The thought may not have occurred to you too many times in the past, but the lifespan of a roof is not infinite. While newer residential roofing set ups will obviously have less problems than older ones, we’ve probably all been reminded of the mortality of our roof by images of buckets and pans laid out all over a floor to catch rain drops. It’s a somewhat common occurrence in older homes, and it’s a powerful image used in movies and media which people resonate with. It’s probable that this image has found its way in front of you at one point or another.
But homeowners aren’t finding issues with residential roofing or commercial roofing to be the only cost-saving upgrades available to them anymore. Now, solar panels offer property managers an opportunity to save money each month on their energy bills. An even more powerful and resonant image is conjured when one thinks of solar panels than with leaky roofs — they’re a (relatively) new and emergent technology which we will all probably integrate into our lives at some point.
Solar panels take energy from the sun and convert it into energy which is useable for your home. What this means for you is that your energy is coming from a practically unlimited source. Your dependency on the “grid”, or the mainstream electrical power system most American homes are plugged into, is lessened significantly. Having solar panels installed on a home (usually on the roof) can save a homeowner an average of around $84 per month on their energy bills. The savings can increase significantly from there depending on how little electricity you use.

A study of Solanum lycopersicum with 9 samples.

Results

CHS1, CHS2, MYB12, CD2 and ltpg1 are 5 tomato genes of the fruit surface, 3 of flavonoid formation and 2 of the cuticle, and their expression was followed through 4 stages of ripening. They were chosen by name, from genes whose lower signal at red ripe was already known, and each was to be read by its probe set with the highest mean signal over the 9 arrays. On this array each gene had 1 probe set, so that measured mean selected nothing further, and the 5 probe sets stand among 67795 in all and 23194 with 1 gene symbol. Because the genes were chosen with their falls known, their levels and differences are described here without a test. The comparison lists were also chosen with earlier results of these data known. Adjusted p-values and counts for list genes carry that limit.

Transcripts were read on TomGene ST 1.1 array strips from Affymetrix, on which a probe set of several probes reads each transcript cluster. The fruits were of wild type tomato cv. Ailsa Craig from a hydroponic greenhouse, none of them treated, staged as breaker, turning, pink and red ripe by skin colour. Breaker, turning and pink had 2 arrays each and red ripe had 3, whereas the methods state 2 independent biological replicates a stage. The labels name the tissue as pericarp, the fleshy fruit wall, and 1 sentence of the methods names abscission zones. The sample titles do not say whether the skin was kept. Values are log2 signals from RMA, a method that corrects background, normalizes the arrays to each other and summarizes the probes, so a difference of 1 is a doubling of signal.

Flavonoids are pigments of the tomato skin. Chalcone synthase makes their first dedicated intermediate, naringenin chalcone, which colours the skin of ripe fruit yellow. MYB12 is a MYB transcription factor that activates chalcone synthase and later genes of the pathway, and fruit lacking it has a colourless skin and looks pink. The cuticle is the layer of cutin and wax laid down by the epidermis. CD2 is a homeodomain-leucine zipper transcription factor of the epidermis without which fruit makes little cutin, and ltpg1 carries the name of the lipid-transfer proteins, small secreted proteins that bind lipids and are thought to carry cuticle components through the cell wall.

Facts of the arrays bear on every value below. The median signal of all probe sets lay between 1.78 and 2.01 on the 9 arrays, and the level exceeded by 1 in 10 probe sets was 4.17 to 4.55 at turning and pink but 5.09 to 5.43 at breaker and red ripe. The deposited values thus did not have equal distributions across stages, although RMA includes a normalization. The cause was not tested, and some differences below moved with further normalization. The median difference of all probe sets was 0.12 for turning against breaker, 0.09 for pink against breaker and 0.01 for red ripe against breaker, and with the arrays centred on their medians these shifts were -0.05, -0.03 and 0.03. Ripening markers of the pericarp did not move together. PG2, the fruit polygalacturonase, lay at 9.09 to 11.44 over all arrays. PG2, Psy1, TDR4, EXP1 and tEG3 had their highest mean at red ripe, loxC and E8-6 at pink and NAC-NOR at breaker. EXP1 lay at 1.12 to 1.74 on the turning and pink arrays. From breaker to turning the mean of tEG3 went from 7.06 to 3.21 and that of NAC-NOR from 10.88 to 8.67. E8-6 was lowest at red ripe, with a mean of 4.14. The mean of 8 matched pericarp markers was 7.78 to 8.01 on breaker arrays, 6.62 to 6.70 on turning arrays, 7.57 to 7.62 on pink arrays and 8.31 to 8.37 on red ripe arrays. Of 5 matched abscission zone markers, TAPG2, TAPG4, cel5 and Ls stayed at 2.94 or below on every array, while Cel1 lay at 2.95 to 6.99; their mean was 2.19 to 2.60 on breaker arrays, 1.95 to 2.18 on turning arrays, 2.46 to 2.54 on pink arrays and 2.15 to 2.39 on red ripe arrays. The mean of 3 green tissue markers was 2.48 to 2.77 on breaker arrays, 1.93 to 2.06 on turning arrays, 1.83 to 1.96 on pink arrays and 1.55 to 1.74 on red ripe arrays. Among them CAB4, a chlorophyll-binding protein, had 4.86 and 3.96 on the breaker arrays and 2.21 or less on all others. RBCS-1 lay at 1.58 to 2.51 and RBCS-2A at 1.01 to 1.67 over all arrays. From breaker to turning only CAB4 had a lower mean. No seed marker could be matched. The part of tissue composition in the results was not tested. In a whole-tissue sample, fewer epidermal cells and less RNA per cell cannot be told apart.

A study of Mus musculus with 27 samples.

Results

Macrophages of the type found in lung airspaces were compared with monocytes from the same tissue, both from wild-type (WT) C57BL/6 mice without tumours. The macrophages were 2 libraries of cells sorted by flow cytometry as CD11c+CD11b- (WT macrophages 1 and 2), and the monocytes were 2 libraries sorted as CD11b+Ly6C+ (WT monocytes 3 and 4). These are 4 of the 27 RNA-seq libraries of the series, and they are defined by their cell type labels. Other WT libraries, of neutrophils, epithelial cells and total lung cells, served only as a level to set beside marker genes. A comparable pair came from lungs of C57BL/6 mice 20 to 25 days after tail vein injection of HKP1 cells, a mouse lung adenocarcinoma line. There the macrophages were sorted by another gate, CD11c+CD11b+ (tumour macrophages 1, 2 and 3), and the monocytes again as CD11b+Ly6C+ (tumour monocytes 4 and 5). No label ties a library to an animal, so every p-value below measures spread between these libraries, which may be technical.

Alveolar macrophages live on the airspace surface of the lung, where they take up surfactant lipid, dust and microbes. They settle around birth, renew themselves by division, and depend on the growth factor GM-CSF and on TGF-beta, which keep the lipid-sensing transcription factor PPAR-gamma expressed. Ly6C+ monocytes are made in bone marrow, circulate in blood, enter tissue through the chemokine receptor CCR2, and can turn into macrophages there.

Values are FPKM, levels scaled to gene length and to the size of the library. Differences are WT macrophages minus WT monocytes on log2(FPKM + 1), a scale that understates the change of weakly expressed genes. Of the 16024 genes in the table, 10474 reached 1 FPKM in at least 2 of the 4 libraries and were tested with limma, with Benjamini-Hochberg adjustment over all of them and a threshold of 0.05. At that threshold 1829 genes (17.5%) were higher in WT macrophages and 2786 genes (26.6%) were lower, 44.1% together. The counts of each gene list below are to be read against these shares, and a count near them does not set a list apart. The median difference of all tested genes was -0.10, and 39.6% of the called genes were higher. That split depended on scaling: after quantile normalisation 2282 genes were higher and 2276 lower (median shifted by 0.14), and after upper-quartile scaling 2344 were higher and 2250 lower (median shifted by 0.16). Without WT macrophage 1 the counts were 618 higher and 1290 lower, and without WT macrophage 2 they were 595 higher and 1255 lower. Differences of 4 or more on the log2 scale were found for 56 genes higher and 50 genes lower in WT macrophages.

Initial investment costs are down, too. While the marketplace has proven to be extremely competitive and has seen a lot of fluctuations in the pricing schema for solar panel technology, the average price of “going solar” has dropped 60 percent since the beginning of 2011.
Because of the added benefit of environmental responsibility, the government would love for you to have these panels and are willing to help you save even more money in your transition. There exists a Federal Solar Investment Tax Credit (ITC) which gives entities a 30 percent tax credit to residential and commercial properties that have converted to solar, or will convert by 2016. Contact a construction contractor or a team of home construction contractors today to see if you might be able to make the switch.